Ding Junhui is pouring all his attention into his snooker as he tries to ignore the heartache of being away from his family for nearly eight months.
The world number nine returned from China in July, with his wife and daughter staying there as he continued his career from his base in Sheffield.
With the global pandemic continuing and showing few signs of coming to an end, Ding has not seen his family since last summer and it is a constant strain on him.
Despite this, the 33-year-old has had a very decent season so far, reaching five quarter-finals and he got his Welsh Open campaign off to a winning start on Monday by beating Lyu Haotian 4-1.
His snooker has actually been helped by the nightmare situation with his family as he tries to keep his mind busy amid the heart-breaking circumstances.
‘I just always keep busy,’ said Ding. ‘Practice, go to a match, practice, go to a match, keep busy all day and also try to have less time to think about it.
‘Hopefully everything in the world can go well quickly and everything can get back to normal life, that would be great.
‘I came back on 9 July, so almost eight months.’
Ding is hoping that the end of the separation is in sight and he will be reunited with his family when the season comes to an end after the World Championship in May.
‘I don’t know yet, not many tournaments left, I just need to concentrate on these three or four tournaments and see if I can go back in the summer or they can come here.
‘It’s left me nothing to do, so it’s good for practice, but it is bad.’
Ding’s focus this week will be on winning the Welsh Open for a second time after a superb triumph in 2012 when he beat John Higgins and Shaun Murphy en route to downing Mark Selby in the final.
He has great memories of the event and is delighted to be in the new venue of Celtic Manor after feeling that the endless events in Milton Keynes had begun to feel too routine and too much like practice matches.
‘Different place gives the tournament some fresh air,’ he said. ‘Back to Milton Keynes, it’s like a practice routine every day, sometimes you don’t feel like you’re in a tournament.
‘This feels different, nice to have a different venue, especially in these hard times. World Snooker are putting these events on when it’s difficult for everybody so I’m happy this tournament is happening in Wales.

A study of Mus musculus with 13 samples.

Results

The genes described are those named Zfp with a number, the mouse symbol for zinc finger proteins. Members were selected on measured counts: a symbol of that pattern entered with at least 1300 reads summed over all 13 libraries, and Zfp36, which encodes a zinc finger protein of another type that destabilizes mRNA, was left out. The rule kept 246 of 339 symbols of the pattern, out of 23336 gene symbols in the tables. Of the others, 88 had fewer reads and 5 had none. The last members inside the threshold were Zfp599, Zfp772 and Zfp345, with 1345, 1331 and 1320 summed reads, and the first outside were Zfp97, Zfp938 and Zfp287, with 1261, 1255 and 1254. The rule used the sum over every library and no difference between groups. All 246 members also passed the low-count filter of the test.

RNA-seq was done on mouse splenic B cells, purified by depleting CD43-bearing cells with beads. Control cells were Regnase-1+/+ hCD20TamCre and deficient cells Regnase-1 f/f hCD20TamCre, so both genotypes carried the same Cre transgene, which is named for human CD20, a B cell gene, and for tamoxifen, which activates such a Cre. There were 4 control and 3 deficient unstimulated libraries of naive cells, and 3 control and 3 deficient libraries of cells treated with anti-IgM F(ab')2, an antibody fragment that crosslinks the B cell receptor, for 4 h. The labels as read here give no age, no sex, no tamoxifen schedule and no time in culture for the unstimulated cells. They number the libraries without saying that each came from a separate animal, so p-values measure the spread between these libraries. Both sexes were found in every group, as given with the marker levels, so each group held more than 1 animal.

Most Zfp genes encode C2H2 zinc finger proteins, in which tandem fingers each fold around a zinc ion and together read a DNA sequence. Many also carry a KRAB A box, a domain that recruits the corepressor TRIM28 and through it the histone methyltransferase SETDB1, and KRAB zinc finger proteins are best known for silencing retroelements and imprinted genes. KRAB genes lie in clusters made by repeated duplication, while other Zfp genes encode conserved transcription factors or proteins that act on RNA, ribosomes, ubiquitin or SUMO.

‘Every day going to the same place, maybe get a feeling for the first few months but after that it is too normal.
‘I won once in Newport, beat Selby in the final, it’s a great event, I like it. I haven’t been doing so well after that, but hopefully I can win more matches.’
Ding’s season has been solid if unspectacular, with five quarter-final runs but nothing further and he knows he has to cut out simple mistakes, especially against the other players at the top of the game.
‘I’ve been doing good this season, but not that good. Hopefully I can get some more steps in to win more matches,’ he explained.
‘Key shots, looking back at key shots I’ve made mistakes. Sometimes I’ll get a chance first but didn’t make the shots to win the frames. I can’t make many mistakes, like more than three, against top players. It’s impossible to win against them making mistakes.
‘I need to make my match level higher, but I’m trying, trying in practice to improve the level, improve quality and in the match try to calm down after bad shots and keep concentration. It’s difficult in a best of seven, you can’t have a lot of mistakes, it’s so quick.
‘Sometimes I feel like it’s practice, but it’s real, I need to switch between that.’
Awaiting Ding in the second round in Newport is Pang Junxu, one of the brightest young Chinese talents in the game looking to follow in Ding’s footsteps.
Pang plays in Ding’s academy in Sheffield and the more experienced man is thoroughly impressed with him, saying he practices harder than any other player in the academy, which is some achievement.
‘We play in the same academy, he’s a great kid,’ said Ding. ‘He’s listening, trying hard in matches.
‘He practices very, very hard. Harder than anyone, I think. There’s not many young players without family, without coach who can still do the right things all the time, this is difficult.
‘Practice is very lonely sometimes, you can get bad emotions when you practice, have a bad day sometimes, but he does it every day, listening to suggestions, he’s a great kid so I’m looking forward to play him.’